FlamesNation Mailbag: Celebrating the return of hockey this week

Photo credit:Mike Gould
Ryan Pike
10 months ago
The last time the Calgary Flames played an organized game, it was mid April. Brad Treliving was general manager. Darryl Sutter was head coach. So… a lot has changed since then. The march of the 2023-24 season will begin this week with the annual Young Stars Classic tournament in Penticton, BC.
As we get ready for hockey’s return, let’s dive into the mailbag!
It’s probably reasonable to expect 2021 first-rounder Matt Coronato or 2023 first-rounder Samuel Honzek to lead the Flames offensively in Penticton. Both players are used to being play-drivers for their amateur clubs – Coronato in Harvard and Honzek in Vancouver – and if they’re going to be getting long looks at main camp, they’ll need to be drivers for the Flames in the tournament.
In terms of interesting players on other teams – and with the caveat that only Winnipeg has announced their rosters as of Sunday night – I’m looking out for Edmonton’s Xavier Bourgault, Vancouver’s Danila Klimovich and Winnipeg’s Brad Lambert.
I’ve got two to keep an eye on: William Strömgren and Étienne Morin.
The 20-year-old Strömgren is in his first NHL camp after spending his first two post-draft seasons playing in Sweden. He’s bounced between junior and pro, putting up respectable offensive numbers in junior and playing reliable two-way hockey in pro (in a secondary role). Let’s see if his experience in the European game can translate to the smaller North American ice.
Meanwhile, Morin had a superb draft season with Moncton in the QMJHL and he put up really impressive offensive numbers. He’s a dynamic offensive player and this is the type of environment where that type of player can really shine. Morin’s destined to spend the season in the Q again, but he seems like he could make some noise before he heads back to junior.
All-Star Break is 49 games into the season. The Flames will have played 12 games within their division at that point – oddly enough, zero games against San Jose but their entire season series with Columbus, Dallas, Minnesota, Nashville, Ottawa, Philadelphia and Toronto.
The worst-case scenario for the Flames is probably .500-ish, muddling around in the mushy middle. The Flames, on paper, aren’t bad enough to crash and burn, so the best-case scenario is probably a handful of games above .500. 30 wins through 49 games is probably the upward possibility, while 23-25 is probably the downward possibility.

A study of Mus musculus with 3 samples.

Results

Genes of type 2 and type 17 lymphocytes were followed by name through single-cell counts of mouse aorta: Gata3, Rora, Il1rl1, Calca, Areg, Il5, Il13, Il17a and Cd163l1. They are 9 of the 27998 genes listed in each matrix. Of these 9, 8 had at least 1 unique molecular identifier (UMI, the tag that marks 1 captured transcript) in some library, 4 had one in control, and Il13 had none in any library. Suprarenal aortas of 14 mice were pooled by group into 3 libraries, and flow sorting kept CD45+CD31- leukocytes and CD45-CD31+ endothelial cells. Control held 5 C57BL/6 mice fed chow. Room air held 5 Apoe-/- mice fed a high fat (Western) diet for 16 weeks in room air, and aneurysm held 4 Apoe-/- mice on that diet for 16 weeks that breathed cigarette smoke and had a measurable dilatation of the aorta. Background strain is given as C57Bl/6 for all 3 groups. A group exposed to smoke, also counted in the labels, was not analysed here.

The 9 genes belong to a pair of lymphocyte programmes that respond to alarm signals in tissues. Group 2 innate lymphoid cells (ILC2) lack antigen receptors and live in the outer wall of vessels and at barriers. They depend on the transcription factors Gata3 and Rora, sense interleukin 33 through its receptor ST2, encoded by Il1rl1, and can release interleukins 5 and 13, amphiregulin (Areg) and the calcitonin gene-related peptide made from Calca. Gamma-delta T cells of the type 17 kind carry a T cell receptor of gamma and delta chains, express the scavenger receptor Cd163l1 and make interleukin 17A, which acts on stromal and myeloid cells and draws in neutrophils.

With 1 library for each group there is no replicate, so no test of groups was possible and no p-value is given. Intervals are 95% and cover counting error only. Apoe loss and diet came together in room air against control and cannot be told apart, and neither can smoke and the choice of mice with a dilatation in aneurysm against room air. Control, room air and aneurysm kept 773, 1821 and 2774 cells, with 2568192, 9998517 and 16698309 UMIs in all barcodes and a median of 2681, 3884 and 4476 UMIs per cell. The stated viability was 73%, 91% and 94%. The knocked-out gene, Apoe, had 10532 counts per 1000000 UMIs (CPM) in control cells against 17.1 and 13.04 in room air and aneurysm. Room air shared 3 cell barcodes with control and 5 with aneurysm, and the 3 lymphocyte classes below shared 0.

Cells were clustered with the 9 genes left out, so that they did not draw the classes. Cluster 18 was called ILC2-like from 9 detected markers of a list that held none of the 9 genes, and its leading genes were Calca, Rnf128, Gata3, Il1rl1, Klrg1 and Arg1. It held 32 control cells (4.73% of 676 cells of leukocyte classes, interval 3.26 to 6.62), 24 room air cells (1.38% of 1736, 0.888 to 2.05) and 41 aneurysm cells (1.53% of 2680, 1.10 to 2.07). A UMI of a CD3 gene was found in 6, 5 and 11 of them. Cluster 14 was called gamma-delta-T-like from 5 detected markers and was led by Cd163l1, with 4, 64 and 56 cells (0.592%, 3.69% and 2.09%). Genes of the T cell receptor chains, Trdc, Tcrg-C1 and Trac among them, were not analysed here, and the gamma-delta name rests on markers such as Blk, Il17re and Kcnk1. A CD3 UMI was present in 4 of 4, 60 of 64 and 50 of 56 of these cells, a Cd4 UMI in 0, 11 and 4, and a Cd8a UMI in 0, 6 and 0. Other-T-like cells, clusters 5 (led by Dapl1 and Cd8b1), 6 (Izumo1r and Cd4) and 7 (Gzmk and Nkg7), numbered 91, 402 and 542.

I like the concept of this trade proposal, on its face, but I think it does a lot to illustrate why the trade market is in a logjam right now.
Buffalo’s got a Dustin Wolf situation in net themselves right now; they have Eric Comrie (47 NHL games) and Ukka-Pekka Luukkonen (46 NHL games) slated as their two netminders at the NHL level right now, but they recently signed college standout Devon Levi and likely want to give him every chance to play NHL games this season. Based on that situation, it seems improbable that they’ll give up assets to acquire Vladar (55 NHL games) and put barriers in front of Levi, especially when they’re probably going to try to sneak Comrie or Luukkonen through waivers at some point.
In addition to that, on the Noah Hanifin side of the ledger, Buffalo has a logjam of defenders right now – per CapFriendly, they have seven blueliners on one-way deals, plus Owen Power. If they make any swaps, it would probably be to send a defender out the door, not add one. Given they’re one of just eight teams (per CapFriendly) with more than $3 million in cap space league-wide, so if they’re adding salary, they’re going to try to squeeze the other team to get the most they can while giving up the least they can.
This is probably what’s slowing up the trade markets for both Vladar and Hanifin. Teams probably feel like they have their goalie situations under control heading into camps – or in cases like Buffalo, they want to see how Levi looks before making any decisions on further moves. Same thing with Hanifin and the defensive market. Teams have set their prices and have set their camp rosters – setting up a bunch of dominoes, if you may – and prices and desires to make changes probably don’t change significantly until players hit the ice and under-perform or suffer injuries.